Ha! Bet you don’t know what that means. Well, stay tuned and I’ll tell you all about it. As you know I wear a number of different trade hats here in ye olde shoppe. I’m a picture framer, an artist in water color and oil paints, custom sign letterer and a gilder. The gilder hat I wear is what this column is all about. As a picture framer, I gild picture frames in gold leaf. However, as a custom letterer, I also gild letters on glass. Verre eglomise is the art of gilding on glass.
This is an art form that dates back to the Romans. The term verre eglomise is French and was used in the revival of the art form in the 18th century. What this all means is that it is a very old practice. Surprisingly, it is done in much the same way as it was “back in the day”, at least the way I do it. No technological updates involved here.
In it’s basic form, verre eglomise is gold designs and or letters gilded on the back of glass in reverse, so that when viewed from the front, it reads correctly. The reason it is done on the back of the glass is because this allows for a water gilded application which yields a fabulous mirror finish to the lettering or design as well as it being protected by the surface of the glass. It can be used in signage, I’ve got two jobs in progress right now, monograms, which make very unique gifts of which I have one in progress, and other wall décor applications. The most common uses were from in the late 1800’s up until the 1980’s or so. Remember when professionals used to letter their name and profession, practice or store name on their doors or store fronts? Banks used to do it too. Often the street number address was lettered on the transom glass above the door. You can see mine as an example.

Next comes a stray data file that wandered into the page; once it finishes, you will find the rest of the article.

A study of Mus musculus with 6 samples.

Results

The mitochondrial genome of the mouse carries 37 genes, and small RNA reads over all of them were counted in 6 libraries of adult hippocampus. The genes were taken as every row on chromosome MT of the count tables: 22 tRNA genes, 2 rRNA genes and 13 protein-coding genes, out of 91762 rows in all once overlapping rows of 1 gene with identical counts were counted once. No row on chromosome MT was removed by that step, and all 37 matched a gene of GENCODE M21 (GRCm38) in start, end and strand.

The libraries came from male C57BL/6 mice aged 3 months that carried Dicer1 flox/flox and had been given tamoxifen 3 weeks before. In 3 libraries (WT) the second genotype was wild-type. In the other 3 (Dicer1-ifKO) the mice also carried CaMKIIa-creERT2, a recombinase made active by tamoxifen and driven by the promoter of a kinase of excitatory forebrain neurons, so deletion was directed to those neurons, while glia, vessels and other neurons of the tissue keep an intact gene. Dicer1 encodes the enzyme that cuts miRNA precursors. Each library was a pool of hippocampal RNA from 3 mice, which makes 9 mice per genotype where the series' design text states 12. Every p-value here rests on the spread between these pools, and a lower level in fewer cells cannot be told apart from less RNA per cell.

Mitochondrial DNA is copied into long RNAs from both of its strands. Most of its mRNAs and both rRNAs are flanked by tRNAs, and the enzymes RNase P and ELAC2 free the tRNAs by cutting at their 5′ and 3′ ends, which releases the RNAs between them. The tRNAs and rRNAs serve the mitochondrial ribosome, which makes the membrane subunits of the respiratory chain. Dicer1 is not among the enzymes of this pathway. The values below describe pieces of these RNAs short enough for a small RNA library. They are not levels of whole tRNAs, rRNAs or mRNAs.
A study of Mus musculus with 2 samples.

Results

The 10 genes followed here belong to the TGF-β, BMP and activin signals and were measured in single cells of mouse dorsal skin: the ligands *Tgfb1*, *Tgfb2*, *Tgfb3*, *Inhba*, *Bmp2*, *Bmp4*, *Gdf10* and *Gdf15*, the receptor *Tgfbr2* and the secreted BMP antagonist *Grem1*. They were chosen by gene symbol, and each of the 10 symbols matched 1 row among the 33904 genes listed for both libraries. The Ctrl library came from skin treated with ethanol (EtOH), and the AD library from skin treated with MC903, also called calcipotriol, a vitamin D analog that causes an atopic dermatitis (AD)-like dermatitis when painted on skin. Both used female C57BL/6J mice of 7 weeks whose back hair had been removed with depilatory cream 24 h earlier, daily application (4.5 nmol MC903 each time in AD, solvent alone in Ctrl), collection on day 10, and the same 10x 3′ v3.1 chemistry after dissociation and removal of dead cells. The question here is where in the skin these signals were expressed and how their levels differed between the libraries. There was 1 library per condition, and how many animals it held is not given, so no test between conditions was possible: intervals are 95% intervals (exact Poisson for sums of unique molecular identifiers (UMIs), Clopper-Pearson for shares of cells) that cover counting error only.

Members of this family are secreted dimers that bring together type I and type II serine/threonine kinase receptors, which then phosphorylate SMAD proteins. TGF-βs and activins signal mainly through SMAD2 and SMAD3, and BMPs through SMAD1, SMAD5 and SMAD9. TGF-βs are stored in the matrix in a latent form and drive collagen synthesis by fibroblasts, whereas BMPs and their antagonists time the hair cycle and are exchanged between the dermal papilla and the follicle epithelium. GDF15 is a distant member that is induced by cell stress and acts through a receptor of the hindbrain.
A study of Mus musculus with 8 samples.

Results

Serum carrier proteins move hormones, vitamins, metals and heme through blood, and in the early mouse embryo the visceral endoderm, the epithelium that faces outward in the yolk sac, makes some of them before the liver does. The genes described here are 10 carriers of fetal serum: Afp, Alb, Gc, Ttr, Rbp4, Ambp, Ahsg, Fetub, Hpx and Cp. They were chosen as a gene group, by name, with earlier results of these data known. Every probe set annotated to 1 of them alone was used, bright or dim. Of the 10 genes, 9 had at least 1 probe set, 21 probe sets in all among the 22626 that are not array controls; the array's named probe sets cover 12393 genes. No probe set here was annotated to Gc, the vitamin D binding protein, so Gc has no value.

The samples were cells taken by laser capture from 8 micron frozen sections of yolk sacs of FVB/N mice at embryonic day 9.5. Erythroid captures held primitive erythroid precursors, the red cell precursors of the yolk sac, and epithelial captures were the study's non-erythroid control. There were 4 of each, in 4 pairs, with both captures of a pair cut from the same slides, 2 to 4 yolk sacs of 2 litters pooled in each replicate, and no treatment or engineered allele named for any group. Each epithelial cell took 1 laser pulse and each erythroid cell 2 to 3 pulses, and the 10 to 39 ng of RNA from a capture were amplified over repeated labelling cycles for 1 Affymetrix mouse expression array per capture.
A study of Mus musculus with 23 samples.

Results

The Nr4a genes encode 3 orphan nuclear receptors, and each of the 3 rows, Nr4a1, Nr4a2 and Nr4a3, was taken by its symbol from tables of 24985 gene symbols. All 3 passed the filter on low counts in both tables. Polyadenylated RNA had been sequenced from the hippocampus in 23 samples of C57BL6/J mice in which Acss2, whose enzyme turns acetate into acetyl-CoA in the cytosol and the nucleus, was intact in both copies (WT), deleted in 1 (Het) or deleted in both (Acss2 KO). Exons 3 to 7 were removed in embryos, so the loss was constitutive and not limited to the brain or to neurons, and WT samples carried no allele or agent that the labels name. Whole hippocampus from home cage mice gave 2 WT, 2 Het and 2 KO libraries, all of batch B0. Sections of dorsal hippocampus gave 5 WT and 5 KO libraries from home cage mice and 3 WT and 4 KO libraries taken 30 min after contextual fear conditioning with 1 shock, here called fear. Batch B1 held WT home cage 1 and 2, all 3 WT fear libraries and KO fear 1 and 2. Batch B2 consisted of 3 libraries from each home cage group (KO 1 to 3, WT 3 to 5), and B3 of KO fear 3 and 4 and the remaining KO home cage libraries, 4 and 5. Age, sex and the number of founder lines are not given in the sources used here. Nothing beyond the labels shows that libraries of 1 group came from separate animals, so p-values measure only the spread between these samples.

The long and short of it all is that there aren’t a lot of us doing this sort of thing these days and I’m happy to belong to this close knit group of artisans who ply the trade. The good news is that there is a revival in the art form and many professionals and businesses are looking at it as a way to stand out from the masses and be noticed. I’ve attended several workshops over the years to hone my skills. While these designs can be really elaborate, the basics alone are quite stunning. The above is a monogram example I did for a customer that represents a two tone gild, a mirror finish water gild and a matte finish size gild, all done in 23 kt gold, by hand.
This Friday evening I will be demonstrating the technique as well as having some examples and works in progress available during the Friday evening Art Stroll. Stop by if you get a chance. I’ll see you downtown.